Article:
Birthday Miyeok-Guk Soup


Eating miyeok-guk (seaweed soup) every birthday morning to honor your mother.


After giving birth, Korean women traditionally eat a lot of seaweed soup because of its nutritional value. Based off of that, people eat this soup to honor their mothers for giving birth. JK mentioned that she does this every year and that this is a tradition that she shares with the wider Korean community: “It does feel like a way to not only honor my mother, but also honor my Korean culture because it’s not just something my family does.” Even though it was her first year in college, she was still able to have some miyeok-guk this year, since her Spring Break aligned with her birthday! This soup reminds JK of home and family–it’s a food of comfort alongside healing.


It is intriguing to see the various ways in which different cultures celebrate birthdays. In America, birthdays are very centered around the child: we are celebrating them turning a year older and reflecting on their past accomplishments as promises for a bright, successful future. Illustrative of our forward-driven society, we underscore this emergence into a new phase of life, which requires that we place full attention and focus on the person who’s aging. However, in past-oriented cultures, birthdays acknowledge the mother as the sole reason for the existence of a birthday. By drinking miyeok-guk, children are cherishing their mothers and recognizing the sacrifice and dedication that goes into motherhood. Thus, people are appreciating the past–the period of time before they were born, when their mother was carrying them.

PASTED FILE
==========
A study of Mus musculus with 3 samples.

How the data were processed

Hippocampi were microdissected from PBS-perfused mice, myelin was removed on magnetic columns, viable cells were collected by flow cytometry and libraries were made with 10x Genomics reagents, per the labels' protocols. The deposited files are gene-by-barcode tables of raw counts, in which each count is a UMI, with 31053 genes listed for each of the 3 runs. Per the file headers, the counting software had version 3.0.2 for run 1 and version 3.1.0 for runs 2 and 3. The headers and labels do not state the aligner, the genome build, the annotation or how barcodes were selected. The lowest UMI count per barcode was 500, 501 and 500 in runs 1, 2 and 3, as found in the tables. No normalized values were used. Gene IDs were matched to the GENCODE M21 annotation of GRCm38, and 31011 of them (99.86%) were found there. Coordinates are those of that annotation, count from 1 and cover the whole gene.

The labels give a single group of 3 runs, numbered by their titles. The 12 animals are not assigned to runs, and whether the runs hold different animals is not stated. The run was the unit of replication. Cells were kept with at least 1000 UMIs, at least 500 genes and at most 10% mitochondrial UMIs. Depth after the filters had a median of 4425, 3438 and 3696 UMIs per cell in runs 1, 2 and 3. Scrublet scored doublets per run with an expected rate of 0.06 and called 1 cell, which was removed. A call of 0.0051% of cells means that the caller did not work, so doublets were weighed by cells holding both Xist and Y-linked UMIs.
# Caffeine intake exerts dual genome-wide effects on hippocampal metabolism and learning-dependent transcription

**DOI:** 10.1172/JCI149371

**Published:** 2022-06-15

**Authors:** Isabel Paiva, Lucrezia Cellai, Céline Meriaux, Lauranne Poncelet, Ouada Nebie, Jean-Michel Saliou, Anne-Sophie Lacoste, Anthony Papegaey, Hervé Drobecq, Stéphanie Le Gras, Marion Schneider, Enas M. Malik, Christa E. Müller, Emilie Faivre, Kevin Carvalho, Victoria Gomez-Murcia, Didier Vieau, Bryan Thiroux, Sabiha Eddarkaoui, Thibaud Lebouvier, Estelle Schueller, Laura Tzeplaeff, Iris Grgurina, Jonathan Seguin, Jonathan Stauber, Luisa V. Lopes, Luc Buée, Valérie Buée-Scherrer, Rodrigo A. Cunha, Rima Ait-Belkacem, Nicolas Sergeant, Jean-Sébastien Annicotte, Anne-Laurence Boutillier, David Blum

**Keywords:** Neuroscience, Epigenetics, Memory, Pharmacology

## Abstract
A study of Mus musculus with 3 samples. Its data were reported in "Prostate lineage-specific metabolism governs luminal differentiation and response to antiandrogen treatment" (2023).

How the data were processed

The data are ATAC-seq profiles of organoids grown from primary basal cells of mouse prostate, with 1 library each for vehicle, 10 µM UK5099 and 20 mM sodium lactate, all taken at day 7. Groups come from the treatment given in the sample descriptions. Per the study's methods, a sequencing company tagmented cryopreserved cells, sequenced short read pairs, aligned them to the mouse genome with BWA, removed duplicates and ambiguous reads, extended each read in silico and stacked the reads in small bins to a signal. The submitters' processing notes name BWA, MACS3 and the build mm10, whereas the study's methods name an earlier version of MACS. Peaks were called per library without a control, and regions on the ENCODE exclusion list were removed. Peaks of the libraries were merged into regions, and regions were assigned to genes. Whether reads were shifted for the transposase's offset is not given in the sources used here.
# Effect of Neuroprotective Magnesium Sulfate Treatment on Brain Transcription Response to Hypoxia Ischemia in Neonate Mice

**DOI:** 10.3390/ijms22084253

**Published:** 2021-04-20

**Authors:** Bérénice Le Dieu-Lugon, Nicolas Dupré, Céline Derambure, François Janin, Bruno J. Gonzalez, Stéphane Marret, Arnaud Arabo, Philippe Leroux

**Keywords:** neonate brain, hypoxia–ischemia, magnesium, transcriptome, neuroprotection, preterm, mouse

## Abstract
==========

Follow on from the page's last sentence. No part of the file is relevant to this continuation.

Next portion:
After some research, I found that this tradition was most likely inspired by people noticing whales eating seaweed after giving birth. In this era of “posthumanism,” where we are understanding that humans are not the only ones with culture, it is fascinating to see how much of our practices are inspired by animals and the ways of nature. We share cultures across species and this “wealth of consciousness” can inform so many of our folk beliefs. Knowledge is very dynamic, and aspects of human tradition appear to be validated by animal customs, as we hold certain beliefs to be universal and beyond humanity.